While dry fruit are popular in the Mediterranean, dates in particular are very popular in the Middle East. During the conference I attended in Israel, I had the opportunity to hear about the research on dates. Dr. Michael Aviram, Head of the Lipid Research Laboratory and Professor at the Technion Faculty of Medicine in Haifa, Israel explained how dates protect against cardiovascular disease.
Dates basically have a double effect: by reducing cholesterol levels, but also by reducing oxidative stress. Oxidative stress is a process that can cause cell damage and is associated with many chronic diseases. Dates are not only rich in fiber but also in antioxidants which explains the health benefits. In addition they are source of minerals, which can potentially be beneficial for individuals with high blood pressure, since these minerals can help keep blood pressure in control. Dr. Aviram, however did stress that dates may not be appropriate for individuals with diabetes.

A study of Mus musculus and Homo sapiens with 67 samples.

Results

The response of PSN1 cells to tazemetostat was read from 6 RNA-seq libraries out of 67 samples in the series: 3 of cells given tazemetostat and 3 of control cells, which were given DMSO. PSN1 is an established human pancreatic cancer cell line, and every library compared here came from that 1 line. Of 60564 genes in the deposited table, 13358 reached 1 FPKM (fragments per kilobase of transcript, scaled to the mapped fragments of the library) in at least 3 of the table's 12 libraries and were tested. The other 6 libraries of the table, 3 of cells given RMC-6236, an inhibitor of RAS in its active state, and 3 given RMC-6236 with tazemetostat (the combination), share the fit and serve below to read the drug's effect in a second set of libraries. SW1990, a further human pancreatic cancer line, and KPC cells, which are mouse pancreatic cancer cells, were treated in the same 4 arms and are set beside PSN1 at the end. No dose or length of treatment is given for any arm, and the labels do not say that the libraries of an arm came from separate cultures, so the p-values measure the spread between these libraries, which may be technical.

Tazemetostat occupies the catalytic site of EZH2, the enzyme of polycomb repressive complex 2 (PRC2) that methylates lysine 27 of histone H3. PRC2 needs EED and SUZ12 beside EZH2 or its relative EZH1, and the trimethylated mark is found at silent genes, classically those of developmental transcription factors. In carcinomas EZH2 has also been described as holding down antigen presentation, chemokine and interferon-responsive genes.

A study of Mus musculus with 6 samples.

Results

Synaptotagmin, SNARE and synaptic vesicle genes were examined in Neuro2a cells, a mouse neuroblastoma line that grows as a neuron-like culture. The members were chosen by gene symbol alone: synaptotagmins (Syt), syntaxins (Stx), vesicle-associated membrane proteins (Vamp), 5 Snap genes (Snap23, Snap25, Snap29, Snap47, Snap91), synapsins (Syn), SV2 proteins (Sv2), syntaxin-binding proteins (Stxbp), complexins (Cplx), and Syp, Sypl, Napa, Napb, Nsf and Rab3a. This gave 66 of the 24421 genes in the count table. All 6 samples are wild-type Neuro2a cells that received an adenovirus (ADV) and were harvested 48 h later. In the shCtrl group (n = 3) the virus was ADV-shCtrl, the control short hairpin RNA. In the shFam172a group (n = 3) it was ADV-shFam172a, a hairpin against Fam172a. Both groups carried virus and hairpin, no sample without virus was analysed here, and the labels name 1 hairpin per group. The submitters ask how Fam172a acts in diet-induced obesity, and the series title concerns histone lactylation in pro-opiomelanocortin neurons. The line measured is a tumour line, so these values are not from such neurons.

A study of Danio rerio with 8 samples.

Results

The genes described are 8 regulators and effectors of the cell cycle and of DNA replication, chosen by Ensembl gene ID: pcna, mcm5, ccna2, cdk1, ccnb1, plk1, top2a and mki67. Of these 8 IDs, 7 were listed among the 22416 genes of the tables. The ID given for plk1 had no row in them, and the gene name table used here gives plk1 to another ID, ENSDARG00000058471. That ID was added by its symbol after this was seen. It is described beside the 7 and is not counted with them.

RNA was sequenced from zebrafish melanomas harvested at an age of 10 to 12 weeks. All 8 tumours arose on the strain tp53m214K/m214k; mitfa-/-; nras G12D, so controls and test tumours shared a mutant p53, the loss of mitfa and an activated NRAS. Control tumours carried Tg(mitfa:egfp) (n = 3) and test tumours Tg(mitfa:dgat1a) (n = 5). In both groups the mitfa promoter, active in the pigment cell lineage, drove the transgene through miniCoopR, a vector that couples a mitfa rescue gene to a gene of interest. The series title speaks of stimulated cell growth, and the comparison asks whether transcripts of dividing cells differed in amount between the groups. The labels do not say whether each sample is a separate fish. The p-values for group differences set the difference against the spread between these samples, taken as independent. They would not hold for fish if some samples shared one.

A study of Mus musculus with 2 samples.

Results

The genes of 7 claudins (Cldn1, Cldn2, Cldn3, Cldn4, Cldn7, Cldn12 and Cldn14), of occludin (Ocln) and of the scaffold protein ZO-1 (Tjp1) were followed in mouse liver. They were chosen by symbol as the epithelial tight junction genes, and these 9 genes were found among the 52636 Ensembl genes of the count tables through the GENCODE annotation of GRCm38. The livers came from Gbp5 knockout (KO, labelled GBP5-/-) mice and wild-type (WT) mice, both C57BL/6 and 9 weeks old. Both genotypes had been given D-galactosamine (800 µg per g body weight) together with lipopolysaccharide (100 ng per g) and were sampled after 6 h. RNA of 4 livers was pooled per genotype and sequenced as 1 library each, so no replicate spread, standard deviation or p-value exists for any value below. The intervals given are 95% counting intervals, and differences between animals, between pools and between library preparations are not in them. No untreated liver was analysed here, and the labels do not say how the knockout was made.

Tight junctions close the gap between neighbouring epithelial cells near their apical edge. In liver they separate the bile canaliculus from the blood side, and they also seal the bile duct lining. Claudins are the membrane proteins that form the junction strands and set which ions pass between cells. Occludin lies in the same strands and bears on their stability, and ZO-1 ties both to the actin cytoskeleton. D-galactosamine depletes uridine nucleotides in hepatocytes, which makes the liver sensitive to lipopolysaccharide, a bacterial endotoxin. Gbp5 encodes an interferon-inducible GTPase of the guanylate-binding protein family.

So now that we know how great dates are for our health, how can we incorporate them in our diet? Well there are plenty of ways: eating them as they are, chopping them and adding them to cereal, cakes, cookies, salads, rice, meat, sauces and one my favorite ways is as an appetizer.
I usually mix some feta along with some sort of soft cheese such as anthotyro or cream cheese and top with a nut, or you can just use a tiny cube of parmesan. It is common to wrap a thin strip of bacon but I would rather avoid the extra salt and fat. These go great with wine or cocktails as they have this sweet and salty combination, and I don’t feel so guilty eating them since I am getting plenty of antioxidants and fiber along with the cheese. Oh, and my almost 4 year old son loves them.